Christian Living


Christmas with a Capital C: Movie Review

Star Rating

Movie Info


Rated NR




Nov. 1, 2011


Ted McGinley, Daniel Baldwin, Nancy Stafford, Brad Stine


Helmut Schleppi


Pure Flix Entertainment

More on this movie at IMDb.com



In years past, Christians have spoken out about the use of words that do not contain “Christ” to describe Christmas. Stores have been on the receiving end of boycotts over their refusal to use the language, and the culture battle has become the subject of endless talking points.

From Atlanta to Reno and back to Chicago, city officials are trumpeting a respect for diversity as their rationale for changing the name Christmas tree to “Holiday” tree in the public square. And in the case of several towns, neither Christmas nor Holiday is being used to advertise their town tree this year. It is simply called “tree”, as in tree lighting ceremony.

This Christmas conundrum we find ourselves wrapped up in is widening in scope each year. First it was the singing of Christmas carols in public schools, then it was nativity scenes on public property, now it is 50 foot tall evergreens glittering proudly in town squares in baubles and beads.

This scenario sets the stage for a new DVD release from Pure Flix Entertainment called Christmas with a Capital C. Directed by Helmut Schleppi, the film is based on a song by Christian musical group Go Fish, which was inspired by comedian Brad Stine’s comedy act.  Stine also co-stars in the movie.

The Movie in a Minute

Mayor Dan Reed (Ted McGinley) of Trapper Falls, Alaska, always looks forward to Christmas-time in his remote wilderness community. Along with his brother (Stine), Dan goes out of his way to make sure the town is decked out completely with Christmas spirit – a living nativity scene, community Christmas tree, and even a banner wishing everyone a “Merry Christmas” draped on the side of town hall.

The scene is warm and inviting, even idyllic, or so it seems. Trouble ensues when Dan’s high school rival, Mitch Bright (Daniel Baldwin), now a successful lawyer, returns to Trapper Falls after more than 20 years. He immediately takes offense to all the displays of Christmas around town and files a civil injunction to have them removed. It seems very likely that 50 years of tradition are about to be removed based on the complaints of one man. The conflict escalates into a town debate on whether Christmas should be represented in the public square at all.

When all hope seems lost, Dan’s wife (Nancy Stafford) and their daughter (Francesca Derosa) innocently launch a campaign called “Christmas with a Capital C”. Rooted in God’s love for mankind, the results are rather interesting.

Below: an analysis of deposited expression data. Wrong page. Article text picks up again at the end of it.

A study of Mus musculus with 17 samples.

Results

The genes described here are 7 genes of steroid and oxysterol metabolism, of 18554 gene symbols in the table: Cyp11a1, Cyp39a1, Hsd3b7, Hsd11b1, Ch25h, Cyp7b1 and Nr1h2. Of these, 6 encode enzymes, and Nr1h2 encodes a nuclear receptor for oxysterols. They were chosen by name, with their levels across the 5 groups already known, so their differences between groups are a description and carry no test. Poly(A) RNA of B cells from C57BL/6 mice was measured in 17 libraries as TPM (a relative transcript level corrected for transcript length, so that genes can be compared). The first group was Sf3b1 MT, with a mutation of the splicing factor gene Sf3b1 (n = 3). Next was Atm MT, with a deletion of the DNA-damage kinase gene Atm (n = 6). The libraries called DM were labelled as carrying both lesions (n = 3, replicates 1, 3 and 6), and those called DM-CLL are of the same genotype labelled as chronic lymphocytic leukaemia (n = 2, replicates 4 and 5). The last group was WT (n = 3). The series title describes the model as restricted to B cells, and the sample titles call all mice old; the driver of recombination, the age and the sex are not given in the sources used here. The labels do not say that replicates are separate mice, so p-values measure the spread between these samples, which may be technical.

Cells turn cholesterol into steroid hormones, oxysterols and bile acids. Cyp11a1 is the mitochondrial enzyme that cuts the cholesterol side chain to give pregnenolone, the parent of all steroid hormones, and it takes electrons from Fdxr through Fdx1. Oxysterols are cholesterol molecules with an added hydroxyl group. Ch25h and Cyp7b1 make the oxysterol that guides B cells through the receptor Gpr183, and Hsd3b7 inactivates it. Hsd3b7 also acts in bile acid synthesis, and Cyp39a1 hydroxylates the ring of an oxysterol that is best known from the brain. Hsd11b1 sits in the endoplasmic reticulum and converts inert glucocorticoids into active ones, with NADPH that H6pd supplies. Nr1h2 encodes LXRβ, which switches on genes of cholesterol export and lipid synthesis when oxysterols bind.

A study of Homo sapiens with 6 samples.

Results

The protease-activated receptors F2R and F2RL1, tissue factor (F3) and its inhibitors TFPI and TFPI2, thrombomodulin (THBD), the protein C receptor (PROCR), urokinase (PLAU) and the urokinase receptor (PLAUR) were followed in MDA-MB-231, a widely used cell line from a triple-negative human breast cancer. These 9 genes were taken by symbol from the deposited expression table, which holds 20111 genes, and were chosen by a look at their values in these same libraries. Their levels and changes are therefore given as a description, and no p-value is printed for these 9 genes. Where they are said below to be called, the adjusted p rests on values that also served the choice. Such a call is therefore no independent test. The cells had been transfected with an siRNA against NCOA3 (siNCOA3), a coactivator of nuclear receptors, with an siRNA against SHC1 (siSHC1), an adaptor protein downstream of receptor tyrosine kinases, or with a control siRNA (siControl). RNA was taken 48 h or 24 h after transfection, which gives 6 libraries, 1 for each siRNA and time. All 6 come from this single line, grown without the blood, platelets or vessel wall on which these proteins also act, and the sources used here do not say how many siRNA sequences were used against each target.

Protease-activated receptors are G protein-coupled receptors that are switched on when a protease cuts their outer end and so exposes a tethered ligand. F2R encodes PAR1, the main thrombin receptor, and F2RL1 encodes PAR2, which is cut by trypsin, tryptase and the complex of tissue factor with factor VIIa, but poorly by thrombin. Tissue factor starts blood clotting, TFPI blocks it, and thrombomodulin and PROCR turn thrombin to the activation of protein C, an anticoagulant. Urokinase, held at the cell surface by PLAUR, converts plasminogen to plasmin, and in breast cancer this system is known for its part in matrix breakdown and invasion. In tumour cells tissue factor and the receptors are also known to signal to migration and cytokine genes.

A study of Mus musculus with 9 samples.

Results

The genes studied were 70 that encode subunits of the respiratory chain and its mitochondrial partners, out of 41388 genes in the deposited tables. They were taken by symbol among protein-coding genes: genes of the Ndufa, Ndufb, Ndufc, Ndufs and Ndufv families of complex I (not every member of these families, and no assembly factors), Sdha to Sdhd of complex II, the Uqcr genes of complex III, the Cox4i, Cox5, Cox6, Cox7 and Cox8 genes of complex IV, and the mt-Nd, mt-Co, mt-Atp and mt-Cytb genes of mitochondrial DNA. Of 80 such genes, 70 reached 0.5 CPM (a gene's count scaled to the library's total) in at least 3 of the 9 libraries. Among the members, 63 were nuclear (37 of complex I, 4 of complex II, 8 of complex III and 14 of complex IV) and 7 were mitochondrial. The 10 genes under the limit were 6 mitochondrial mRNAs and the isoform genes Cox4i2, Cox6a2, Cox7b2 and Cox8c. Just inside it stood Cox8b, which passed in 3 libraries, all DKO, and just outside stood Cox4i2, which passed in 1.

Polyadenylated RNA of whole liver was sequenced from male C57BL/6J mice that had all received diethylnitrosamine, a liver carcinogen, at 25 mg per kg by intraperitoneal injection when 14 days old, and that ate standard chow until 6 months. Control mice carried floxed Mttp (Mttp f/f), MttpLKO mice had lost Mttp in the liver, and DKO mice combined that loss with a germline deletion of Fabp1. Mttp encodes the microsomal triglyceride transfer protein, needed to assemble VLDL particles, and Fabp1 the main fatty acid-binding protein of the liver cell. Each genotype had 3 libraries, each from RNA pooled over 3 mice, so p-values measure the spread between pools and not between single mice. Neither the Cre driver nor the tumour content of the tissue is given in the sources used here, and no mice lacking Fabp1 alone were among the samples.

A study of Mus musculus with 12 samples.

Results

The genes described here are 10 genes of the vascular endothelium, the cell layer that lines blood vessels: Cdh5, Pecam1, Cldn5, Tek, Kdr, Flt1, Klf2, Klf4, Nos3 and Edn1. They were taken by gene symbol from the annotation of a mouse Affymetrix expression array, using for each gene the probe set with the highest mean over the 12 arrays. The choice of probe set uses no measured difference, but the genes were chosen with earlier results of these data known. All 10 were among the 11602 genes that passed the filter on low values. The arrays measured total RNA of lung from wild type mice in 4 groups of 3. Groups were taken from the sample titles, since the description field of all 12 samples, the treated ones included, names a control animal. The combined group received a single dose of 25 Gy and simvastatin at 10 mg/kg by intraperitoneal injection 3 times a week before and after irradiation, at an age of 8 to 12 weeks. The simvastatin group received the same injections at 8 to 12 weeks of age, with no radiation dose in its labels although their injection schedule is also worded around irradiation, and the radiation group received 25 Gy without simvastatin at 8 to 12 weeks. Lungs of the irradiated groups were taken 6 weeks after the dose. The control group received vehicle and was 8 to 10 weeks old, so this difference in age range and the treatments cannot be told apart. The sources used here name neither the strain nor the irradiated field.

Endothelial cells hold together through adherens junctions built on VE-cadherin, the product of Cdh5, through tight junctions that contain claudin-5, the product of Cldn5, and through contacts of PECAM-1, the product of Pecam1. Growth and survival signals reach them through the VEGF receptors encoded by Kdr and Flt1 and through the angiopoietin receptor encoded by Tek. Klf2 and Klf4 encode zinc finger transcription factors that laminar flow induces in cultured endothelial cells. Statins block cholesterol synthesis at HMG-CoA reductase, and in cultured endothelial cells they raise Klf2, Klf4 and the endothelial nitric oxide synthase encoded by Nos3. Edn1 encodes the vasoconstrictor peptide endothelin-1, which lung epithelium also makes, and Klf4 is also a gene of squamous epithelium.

The Good and Bad

Christmas with a Capital C takes the viewer through several of the key arguments that many towns face in the legal battle that is cropping up more and more across our nation. Based on the title, you would think the film would be heavily slanted toward the Christian point of view. But to his credit, Schleppi offers valid commentary from both sides.

McGinley gives a workmanlike performance in the lead role, but it is Baldwin who stands out. In the smarmy shadow of his brother Alec, Baldwin provides just the right combination of ruthlessness and debonair charm to keep viewers engaged in the debate at hand. At times, you might even start to side with Baldwin’s Mitch Bright character.

As Dan’s slightly goofy, bachelor brother, Stine fights for the cause of Christianity with several extended monologues on why Christmas should remain right where it is in the traditional public consciousness. For anyone who has seen Stine do his comedy act, it is clear he has toned down his rhetoric for the movie. His impassioned viewpoints are sometimes long and preachy, but still effective.

In the End

While questioning whether Christmas should be displayed in the public square has an easy answer among Christians, it not always that simple for people who are not deeply rooted in the Church. Christmas with a Capital C does a credible job of looking at both sides of the argument before arriving at its conclusion.

Christmas is a holiday for Christians to celebrate the birth of Jesus Christ. It is not intended to force anyone, regardless of race or creed, to convert if they do not wish to do so. It is a wonderful time of year to love our neighbors with kindness and compassion, a true demonstration of Christ’s love for us.